On Feb. 7, an email from Chief Operating Officer & Vice President for Strategy Kanika Tomalin announced the Presidential Innovation Fund Grant Program. The program looks to fund projects aimed at supporting President Damián Fernández’s Strategic Plan.
Fernández introduced Eckerd’s strategic plan in October 2020, highlighting four pillars: Eckerd at the Edges: “Innovation in the Liberal Arts and Sciences for Our Times;” “The City as Classroom, the Campus as Laboratory;” “Inclusive Excellence: Diversity, Equity, Inclusion, Belonging;” and “A Sustainable Future: Pursuing Resilience.”
With this new program, students can apply for seed grants of up to $1,000 to aid them in the process of initiating these projects. Projects that are “place-based, purpose-driven, and problem-focused, utilize an innovative and entrepreneurial approach, and involve faculty, staff, and student collaboration” will be given priority, according to the email.
Additionally, faculty and staff are able to apply for similar grants, according to Associate Vice President for Strategy David Gliem. Faculty and staff can apply for up to $5,000.
“The purpose is to really catalyze the creative capital on campus,” Gliem said. “Students and faculty and staff probably have a lot of these great ideas…the funding could be a source to get them started.”
According to Gliem, the funding process will work in accordance with Eckerd’s fiscal year. This means that the students whose applications are accepted will receive their funds on July 1, 2022 and will have those funds through June 30, 2023.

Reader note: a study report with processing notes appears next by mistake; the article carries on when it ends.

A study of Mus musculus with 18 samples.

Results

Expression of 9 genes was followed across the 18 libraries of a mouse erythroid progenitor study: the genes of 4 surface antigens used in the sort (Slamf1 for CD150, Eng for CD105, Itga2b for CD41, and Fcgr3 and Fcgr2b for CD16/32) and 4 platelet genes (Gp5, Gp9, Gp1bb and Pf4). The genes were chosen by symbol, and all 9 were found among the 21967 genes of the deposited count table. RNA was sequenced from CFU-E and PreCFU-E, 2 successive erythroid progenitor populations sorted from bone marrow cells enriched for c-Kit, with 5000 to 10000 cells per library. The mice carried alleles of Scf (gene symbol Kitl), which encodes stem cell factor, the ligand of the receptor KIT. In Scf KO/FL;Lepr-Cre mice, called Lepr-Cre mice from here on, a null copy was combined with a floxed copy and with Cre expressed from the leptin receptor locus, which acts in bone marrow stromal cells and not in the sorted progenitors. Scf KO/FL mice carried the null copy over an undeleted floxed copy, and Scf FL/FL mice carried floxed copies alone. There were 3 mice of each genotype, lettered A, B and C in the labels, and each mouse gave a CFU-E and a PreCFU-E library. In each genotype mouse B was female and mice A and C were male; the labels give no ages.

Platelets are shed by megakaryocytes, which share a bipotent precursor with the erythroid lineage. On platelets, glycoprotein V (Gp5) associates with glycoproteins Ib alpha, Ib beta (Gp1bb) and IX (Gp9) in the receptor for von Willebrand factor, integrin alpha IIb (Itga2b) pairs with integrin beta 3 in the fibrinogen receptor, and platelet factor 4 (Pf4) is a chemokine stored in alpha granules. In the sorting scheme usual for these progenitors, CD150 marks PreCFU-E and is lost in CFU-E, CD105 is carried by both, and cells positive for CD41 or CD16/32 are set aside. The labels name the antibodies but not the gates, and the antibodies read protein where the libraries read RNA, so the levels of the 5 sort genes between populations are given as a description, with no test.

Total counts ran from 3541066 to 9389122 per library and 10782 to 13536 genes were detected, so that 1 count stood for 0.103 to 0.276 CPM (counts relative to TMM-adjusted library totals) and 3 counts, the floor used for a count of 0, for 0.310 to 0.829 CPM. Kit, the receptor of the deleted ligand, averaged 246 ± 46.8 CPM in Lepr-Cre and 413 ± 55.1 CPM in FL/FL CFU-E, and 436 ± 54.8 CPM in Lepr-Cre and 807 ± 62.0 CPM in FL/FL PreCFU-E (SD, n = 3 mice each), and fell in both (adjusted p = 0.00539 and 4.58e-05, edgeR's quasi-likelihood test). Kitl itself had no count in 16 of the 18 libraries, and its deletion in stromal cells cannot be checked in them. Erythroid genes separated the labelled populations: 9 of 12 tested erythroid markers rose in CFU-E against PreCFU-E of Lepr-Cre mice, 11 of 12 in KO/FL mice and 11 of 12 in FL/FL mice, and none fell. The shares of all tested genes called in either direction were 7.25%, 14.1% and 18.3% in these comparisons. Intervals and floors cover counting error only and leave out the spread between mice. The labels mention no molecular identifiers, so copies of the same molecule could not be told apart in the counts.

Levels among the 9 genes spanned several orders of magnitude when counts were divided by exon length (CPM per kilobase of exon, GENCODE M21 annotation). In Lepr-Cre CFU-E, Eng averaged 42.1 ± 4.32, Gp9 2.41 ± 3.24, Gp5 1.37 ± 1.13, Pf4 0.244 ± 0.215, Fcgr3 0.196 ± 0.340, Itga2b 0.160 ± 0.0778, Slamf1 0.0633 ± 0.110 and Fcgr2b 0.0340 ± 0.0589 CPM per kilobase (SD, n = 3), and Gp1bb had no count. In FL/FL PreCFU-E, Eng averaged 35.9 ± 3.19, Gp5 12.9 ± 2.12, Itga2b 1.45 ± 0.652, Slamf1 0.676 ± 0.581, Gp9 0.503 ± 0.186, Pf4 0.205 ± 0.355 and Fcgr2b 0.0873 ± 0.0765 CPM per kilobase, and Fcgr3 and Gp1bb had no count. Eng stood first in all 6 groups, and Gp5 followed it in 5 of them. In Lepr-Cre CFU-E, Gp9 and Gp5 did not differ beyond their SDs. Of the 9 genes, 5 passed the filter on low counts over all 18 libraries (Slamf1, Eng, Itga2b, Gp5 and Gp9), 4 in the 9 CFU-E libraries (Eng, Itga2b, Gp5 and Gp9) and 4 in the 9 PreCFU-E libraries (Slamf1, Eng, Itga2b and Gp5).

With a whole calendar year to utilize the funds, Gliem is optimistic that students can make the most out of the program.
“It’s all about providing student opportunities to develop and work on problem-based, place-based experiential kinds of learning,” Gliem said.
Assistant Dean of Faculty, Scholarships and Fellowships Kat Robinson will be the main point of contact for students interested in the program. Robinson said there will be information sessions in the near future to give interested students more information about the funding, as well as help throughout the entire process.
Robinson will also be coordinating a committee consisting of two faculty members, two staff members and one student from the Eckerd community to review the student applications.
Now almost two years since the start of the COVID-19 pandemic, Robinson hopes that a program like this can help Eckerd get back to its foundation of “thinking outside.”
“I really feel that COVID affected our community in so many ways and one of the most profound ways has been the lack of connection with the students and their work outside of the classroom, and even within the classroom,” Robinson said. “So I think [the program] is going to be a great way to usher in a different post-COVID campus and use it as a way to mark our re-engagement with the campus and the culture, the community.”